250 WGA members might lose health care
Before the WGA went on strike, its leaders repeatedly assured members they would retain eligibility within the guild-industry health plan for the duration of the work stoppage.
But the assertion that “the clock will stop” — made on numerous occasions to members by WGA West president Patric Verrone and exec director David Young — turned out to be wrong.
About 250 WGA members will lose their eligibility April 1 because they did not meet the plan’s 12-month earnings threshold of $30,823 as of Dec. 31. That’s about 40% higher than the usual number who lose eligibility, and that figure will probably jump significantly in July — because of the loss of earnings during the strike.
Typically, about 5,500 WGA members are covered by the health plan.
The issue has been percolating among rank-and-file WGA members in recent days. Many members had presumed that if they were covered by the health plan at the start of the strike Nov. 5, they would retain their coverage through the strike.
According to several attendees at a WGA membership meeting on Nov. 1 at the Los Angeles Convention Center, Verrone told the crowd of 3,000 members at one point “the clock will stop” on eligibility for the health plan. That pronouncement was greeted with enthusiasm.
In addition, WGA trustee John Auerbach had posted repeatedly on the members-only Writer Action website that members would retain their eligibility for the plan during the strike. He posted to that effect as recently as early January.
In recent weeks, however, WGA leaders have started admitting there’s been no change in the health plan’s eligibility rules. And the WGA West board voted last week to pay for a month of COBRA coverage for any member who has lost health-care coverage eligibility because of the strike.
“We hope that there will be an agreement before April 1,” WGA spokesman Neal Sacharow told Daily Variety on Wednesday. “The board made this decision to protect members from any possible effects of the strike.”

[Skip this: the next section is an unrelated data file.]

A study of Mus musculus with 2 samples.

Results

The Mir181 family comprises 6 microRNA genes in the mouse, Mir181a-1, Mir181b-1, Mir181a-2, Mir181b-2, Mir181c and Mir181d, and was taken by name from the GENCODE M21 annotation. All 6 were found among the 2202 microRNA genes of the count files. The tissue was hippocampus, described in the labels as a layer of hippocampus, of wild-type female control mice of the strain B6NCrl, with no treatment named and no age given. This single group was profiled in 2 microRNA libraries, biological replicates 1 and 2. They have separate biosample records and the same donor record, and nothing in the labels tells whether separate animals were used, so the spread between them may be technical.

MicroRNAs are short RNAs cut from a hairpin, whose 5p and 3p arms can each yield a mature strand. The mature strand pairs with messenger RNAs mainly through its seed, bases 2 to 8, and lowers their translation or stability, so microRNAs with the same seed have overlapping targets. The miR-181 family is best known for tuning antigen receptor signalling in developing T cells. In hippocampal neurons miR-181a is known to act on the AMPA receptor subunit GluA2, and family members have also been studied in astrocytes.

At a $1,000 monthly cost for the COBRA policy, the move by the board places the WGA on the hook for $250,000 if the strike lasts that long.
But Sacharow refused to respond to questions as to why Verrone had provided members with incorrect information about the health plan.
The plan is jointly overseen by 34 trustees — 17 reps each from the guild and the industry. The WGA trustees include David Young, VP David Weiss, negotiating committee chief John Bowman, negotiating committee members Neal Baer and Steven Schwartz and WGA execs Mona Mangan, Paul Nawrocki, Ann Widdifield and Countess Williams.
WGA plan administrator Terrence Young also refused to answer questions Wednesday about the dissemination of misinformation by WGA leaders. But informed sources said guild officials never officially asked the health plan to approve changing the eligibility rules because of the strike.
WGA members who contacted the health plan in recent months with questions about retaining eligibility during a strike were informed that no rule changes had taken place. But the plan and the guild have not issued any formal announcement about the plan since the strike began.
One WGA member said Verrone has responded to inquiries in recent weeks by asserting that guild leaders had been operating on the assumption that the health plan would allow members to retain eligibility during a strike, claiming this was done during the 1988 strike. However, in 1988, the plan merely granted members a three-month extension to earn eligibility after the five-month strike ended.
A recent email message from strike captains to members amplified the WGA West board’s plans, saying the board may continue the COBRA payments on a monthly basis if the strike continues. And it also said the final deal between the guild and the AMPTP could include a recommendation that extended coverage be provided for those impacted by the strike.
“As part of any future strike settlement, the parties may recommend to the trustees of the health fund that the eligibility rules be modified to address loss of coverage due to the strike,” the message said. “In 1988, the trustees agreed to provide extended coverage for some members whose ability to earn was significantly diminished during that strike. While we can make no promises — half of the health fund trustees are representatives of management — we can say that we will attempt to reach a similar understanding after the current strike.”